Double Negative

If both sides are “evil,” then what’s a voter to do?



illustration by peter noonan

Campaign buttons as simple and as positive as “I Like Ike” are so last century. The button that sold like hot cakes at the Republican National Convention read “Hillary for Prison 2016.”

To paraphrase a last-century president: Ask not what your candidate can do for you; ask what you can do to prevent the other candidate from winning.

This election year features a deeply polarized nation with divided political parties led by two very unpopular presidential nominees. Unlike previous elections, the unifying principle of each party isn’t rooting for their candidates or shared ideals — now it’s about making sure the other person doesn’t win.

Polling indicates that the election will be decided in key states by roughly 300,000 voters who don’t like either Hillary Clinton or Donald Trump and will choose between the lesser of two evils.

Campaign rhetoric this summer ratcheted up past the level of insisting that the other candidate has the wrong ideas to declaring each should be disqualified from serving at all. This could easily be the most negative election that anyone can remember. (Though it was still mild compared to the negative campaigning that existed in the 1800s.)

This tone is having an impact down the ballot in New Hampshire races. According to recent polling, both of our members of Congress are deeply disliked. Of course, it’s not just politicians calling each other names. The Union Leader went so far to call one member of Congress a “damned liar.”

The US Senate election features two candidates — Republican incumbent Kelly Ayotte and Democratic Governor Maggie Hassan — who had pretty high personal poll numbers when the campaign began only to see them drop 10 percent each by mid-summer.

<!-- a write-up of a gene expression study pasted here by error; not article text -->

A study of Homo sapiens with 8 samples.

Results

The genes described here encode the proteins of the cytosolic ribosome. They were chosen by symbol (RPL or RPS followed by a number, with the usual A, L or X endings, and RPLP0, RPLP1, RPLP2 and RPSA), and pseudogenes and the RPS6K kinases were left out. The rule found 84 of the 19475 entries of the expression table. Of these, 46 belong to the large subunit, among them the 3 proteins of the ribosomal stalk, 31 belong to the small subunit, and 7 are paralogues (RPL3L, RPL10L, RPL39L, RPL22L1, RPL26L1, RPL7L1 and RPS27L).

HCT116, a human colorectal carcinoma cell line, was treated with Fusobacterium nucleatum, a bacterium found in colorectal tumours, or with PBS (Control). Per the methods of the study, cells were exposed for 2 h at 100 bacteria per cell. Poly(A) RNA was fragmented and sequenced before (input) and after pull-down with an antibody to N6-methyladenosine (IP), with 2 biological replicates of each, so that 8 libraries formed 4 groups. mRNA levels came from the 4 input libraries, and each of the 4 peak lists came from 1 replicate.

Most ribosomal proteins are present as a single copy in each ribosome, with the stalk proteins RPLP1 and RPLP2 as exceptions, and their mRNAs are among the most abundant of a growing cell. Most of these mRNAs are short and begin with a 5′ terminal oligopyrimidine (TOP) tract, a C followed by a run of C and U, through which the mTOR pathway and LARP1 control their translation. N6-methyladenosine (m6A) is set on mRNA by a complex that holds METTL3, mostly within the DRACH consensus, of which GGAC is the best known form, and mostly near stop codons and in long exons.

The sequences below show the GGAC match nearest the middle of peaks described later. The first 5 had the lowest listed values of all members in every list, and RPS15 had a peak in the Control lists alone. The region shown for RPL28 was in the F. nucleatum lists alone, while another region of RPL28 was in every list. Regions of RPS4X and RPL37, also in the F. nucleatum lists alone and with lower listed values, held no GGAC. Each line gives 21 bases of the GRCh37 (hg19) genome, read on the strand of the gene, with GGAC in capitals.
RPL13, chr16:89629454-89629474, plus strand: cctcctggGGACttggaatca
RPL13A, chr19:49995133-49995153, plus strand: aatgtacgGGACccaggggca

And if anyone can even recall who is running for the open governor’s race, the chances are that they are as much disliked as they are liked.

The attacks in the presidential race have been personal and nonstop. Yes, Republican presidential candidate Donald Trump has been accused of “insulting his way to the top,” but the political environment for such negative politics long predated his entrance into the field.

Feisty and petulant talk radio gave way to snark on Twitter. Legislative and Congressional redistricting meant politicians needed to worry more about appealing to their party’s base than the political center. In addition, changes in campaign finance law have created incentives for politicians to say more radical things that will get them press attention and, eventually, donations.

This has created a political climate in which it is hard for any actual governing to happen. When each side is calling the other side names, it’s hard to build the trust required for compromise on legislation or policy. There is a mindset of a permanent campaign focused on beating the other side, not working with it.

Still, this culture of the permanent campaign has existed even when campaigns weren’t so toxic. In 2008, the presidential election featured candidates with inspiring life stories. There was negative campaigning, but polling showed voters liked their choices overall.

That voters don’t like their choices now is one reason why the candidates are giving up any pretense of staying positive. Over the decades, we’ve formed opinions of both Trump and Clinton — therefore, they likely believe that there’s little reason to think they can successfully reintroduce themselves.

During the debates this fall, maybe they should both just wear T-shirts saying, “I’m with stupid.” But, by then, we will all have gotten the message.